Who forgot to celebrate or mourn Black Tot Day? July 31st was the 50th anniversary of what many have called “a barbaric act by the government.”
But you can still toast the memory of the tot with a new rum bottled in Scotland and blended in England, commemorating an important day in liquid history, which was also a very sad day for members of the Royal Navy. It also helps us splice the mainbrace properly.
“Elixir Distillers “Black Tot Rum” pays homage to the tot of rum ration given daily to crews of Royal Navy ships from 1655 to 1970. In the early seventeenth century, beer replaced a pint of wine as the daily ration. But it spoilt easily. In 1784, James Man, a barrel maker and sugar broker from Billingsgate in London, was awarded the contract to supply the Royal Navy with rum. The Man Group has grown into one of the world’s largest investment management businesses. ED&F is an agricultural commodities merchant and still deals in molasses.”
Royal Navy rum had been imported from the West Indies since 1784. The original tot rum was sourced in the Caribbean ( Barbados, Jamaica, Trinidad, and Guyana ), shipped back to London’s Royal Docks where it was aged, blended, and then distributed to naval stations around the world.
The last tots were served on July 31st, 1970, now dubbed “Black Tot Day.” Admiral Peter Hill-Norton abolished the 300-year-old tradition over health and safety concerns. In place of the rum ration, sailors were allowed to buy three one-half imperial pints (280 ml) cans of beer a day and improved recreational facilities. The order to “splice the mainbrace” can now only be given by the monarch and is still used to celebrate valiant service in the Royal Navy. Rum was given out at the 100th anniversary of the Canadian Royal Navy in 2010 and after the Queen’s Diamond Jubilee in 2012.
Splicing the mainbrace was one of the most hazardous jobs out at sea. Braces are the lines controlling the angle of yards. On square-rigged ships, it was the most important line. The ship’s rigging was the prime target during battle. And repairs often and to be made with a run of hemp. The Able Seaman carrying out the work was given an extra ration of rum.
The rum leftover after six bells on Black Tot Day in 1970 was transferred into wicker-covered demijohns and stored in Thames-side warehouses, and only used for royal weddings. Sukhinder Singh of Elixir Distillers and the Whisky Exchange traced the rare, historic rum to Dartford and Deptford. It was bottled in 2011 as “Black Tot- The Last Consignment.” It retailed for £650 a bottle.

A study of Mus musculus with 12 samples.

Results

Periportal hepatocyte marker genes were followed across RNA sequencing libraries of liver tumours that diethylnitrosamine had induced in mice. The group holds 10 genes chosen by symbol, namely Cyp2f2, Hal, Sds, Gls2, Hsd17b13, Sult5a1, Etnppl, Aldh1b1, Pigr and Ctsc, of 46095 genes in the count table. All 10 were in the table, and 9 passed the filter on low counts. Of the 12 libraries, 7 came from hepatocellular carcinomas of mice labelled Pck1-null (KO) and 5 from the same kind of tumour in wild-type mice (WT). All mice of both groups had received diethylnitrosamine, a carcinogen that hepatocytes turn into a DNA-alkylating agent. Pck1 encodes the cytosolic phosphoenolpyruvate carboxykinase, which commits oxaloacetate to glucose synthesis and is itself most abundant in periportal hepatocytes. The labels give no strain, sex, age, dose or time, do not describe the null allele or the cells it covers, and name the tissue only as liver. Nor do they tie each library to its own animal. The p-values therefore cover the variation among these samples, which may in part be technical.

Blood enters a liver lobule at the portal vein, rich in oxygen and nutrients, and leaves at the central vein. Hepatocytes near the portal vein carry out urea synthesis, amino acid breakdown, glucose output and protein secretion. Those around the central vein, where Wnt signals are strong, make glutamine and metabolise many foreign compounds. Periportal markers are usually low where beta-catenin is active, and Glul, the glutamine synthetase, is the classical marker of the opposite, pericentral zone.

Sukinder Singh is co-founder of Speciality Drinks Ltd – the parent company to The Whisky Exchange and Elixir Distillers. He is an expert on whiskey and fine spirits and owns one of the best collections of old and rare whiskeys in the world. In 2018, he was awarded the coveted “Outstanding Achievement In The Scotch Whisky Industry” trophy and was invited to become a Master of the Quaich. The Keepers of the Quaich is an exclusive and international society that recognizes those that have shown outstanding commitment to the Scotch Whisky industry.
The Whisky Exchange is the world’s leading and oldest specialist online retail site for whiskeys and fine spirits.
From 1850 to 1970, the rum ration tot”, consisted of one-eighth of an imperial pint (71 ml) of rum at 95.5 proof (54.6%ABV); it was given out from the “Rum Tub” ( with the brass letters, “The Queen, God Bless Her”) to every sailor at midday. Senior ratings (petty officers and above) received their rum neat, while for junior ratings, it was diluted with two parts of water to make three-eighths of an imperial pint (213 ml) of grog.
The practice of diluting rum in the proportion of half a pint to one quart of water (1:4) was first introduced in the 1740s by Admiral Edward Vernon, who was known as “Old Grog” because of his favorite grogram coat. Grogram is a coarse corded fabric made from silk, mohair, or wool.
In 1756 Navy regulations insisted small quantities of lemon or lime juice be added to the rum to prevent scurvy. The ration was cut in half in 1823 and again in half, to the traditional amount, in 1850.
Temperate sailors were given three pence a day instead. Officers did not receive a rum ration. The tot glasses were washed on the outside and never inside, in the belief that residue of past tots would stick to the side of the glass, making the drink stronger. Sailors under 20 were not permitted a rum ration.
To prove its strength by sailors checked, gunpowder doused with rum would still burn. Verifying it was at least 57% ABV.
The ration was abolished in the US 1862, by the Royal Australian Navy in 1921, and by the Canadian Navy in 1972.
Elixir Distillers specializes in Scotch whiskey, Irish, American and Japanese whiskeys, which are exported to over twenty international markets.